Alcoholism is a condition in which an individual consumes alcohol at levels that interfere with his day-to-day activities or his mental or physical health. There are many different causes of alcoholism; some are psychological in nature, while others have biological causes. Some causes of alcoholism, particularly in young adults, may even be cultural or social. Regardless of the cause, alcoholism is a debilitating condition that can adversely affect every aspect of one's life, causing anything from job loss to liver damage or worse. Understanding the underlying causes of an individual's alcoholism is often a major part of finding a solution to the problem.
Many of the causes of alcoholism are psychological in nature; they do not have a definite physical origin. People who suffer from depression or anxiety often turn to alcohol to escape from the problems in their lives and in their minds. Individuals who endure high levels of stress at work or at home may also use alcohol as a coping mechanism. Alcohol consumption actually affects the levels of some of the body's hormones that moderate stress response levels. These causes of alcoholism may be psychological in nature, but the effects of alcohol are physical and can be quite harmful.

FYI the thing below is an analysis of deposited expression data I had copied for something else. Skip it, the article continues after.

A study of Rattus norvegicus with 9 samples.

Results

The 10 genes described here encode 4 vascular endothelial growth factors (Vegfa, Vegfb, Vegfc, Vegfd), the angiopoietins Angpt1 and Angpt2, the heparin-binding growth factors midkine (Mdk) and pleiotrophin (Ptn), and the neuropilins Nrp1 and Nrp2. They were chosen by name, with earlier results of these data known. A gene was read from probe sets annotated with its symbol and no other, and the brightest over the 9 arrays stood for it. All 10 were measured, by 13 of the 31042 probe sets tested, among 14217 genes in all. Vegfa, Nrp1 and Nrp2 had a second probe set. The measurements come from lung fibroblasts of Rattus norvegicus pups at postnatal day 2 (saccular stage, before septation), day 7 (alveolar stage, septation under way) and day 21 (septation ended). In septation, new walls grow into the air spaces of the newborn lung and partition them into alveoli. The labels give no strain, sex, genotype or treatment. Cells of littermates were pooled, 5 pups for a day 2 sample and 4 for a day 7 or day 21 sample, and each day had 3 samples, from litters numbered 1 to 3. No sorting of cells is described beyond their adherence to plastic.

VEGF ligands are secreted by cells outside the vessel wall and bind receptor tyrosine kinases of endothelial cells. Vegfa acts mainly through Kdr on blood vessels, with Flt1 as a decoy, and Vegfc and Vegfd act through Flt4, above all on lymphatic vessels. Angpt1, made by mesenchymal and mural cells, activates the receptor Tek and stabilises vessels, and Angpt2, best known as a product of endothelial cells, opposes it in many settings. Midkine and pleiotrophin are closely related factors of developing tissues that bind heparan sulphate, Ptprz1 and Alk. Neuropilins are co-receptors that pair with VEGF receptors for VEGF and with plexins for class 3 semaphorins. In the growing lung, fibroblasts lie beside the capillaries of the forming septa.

Alcoholism may also have a genetic component, meaning that alcoholism could be passed down through a family. These genetic factors are not specific to alcohol, though. Some people simply inherit traits that make them more likely to abuse or to become addicted to a variety of substances ranging from alcohol and nicotine to painkillers or antidepressants. Individuals who tend to regularly abuse such substances are often said to have an "addictive personality."
Alcohol has an important and often glorified place in culture and society. This can entice some people, particularly young adults, into drinking, sometimes leading to alcoholism. Movies and advertisements are primarily responsible for these societal and cultural causes of alcoholism. The prevalence of alcohol in society makes it difficult for an individual to tell if he is falling into alcoholism. Even if he does drink far too often, he may not realize that his behavior is harmful or out of the ordinary.
All of these causes of alcoholism can eventually lead to physical or psychological dependence on alcohol. One who is physically dependent on alcohol generally finds it incredibly difficult to refrain from drinking for a prolonged period of time. He must consume alcohol on a regular basis to remain functional. This often disrupts his life and may lead to anything from job loss to damaged relationships. Recognizing and dealing with the underlying causes of alcoholism is often much easier than overcoming physical dependence.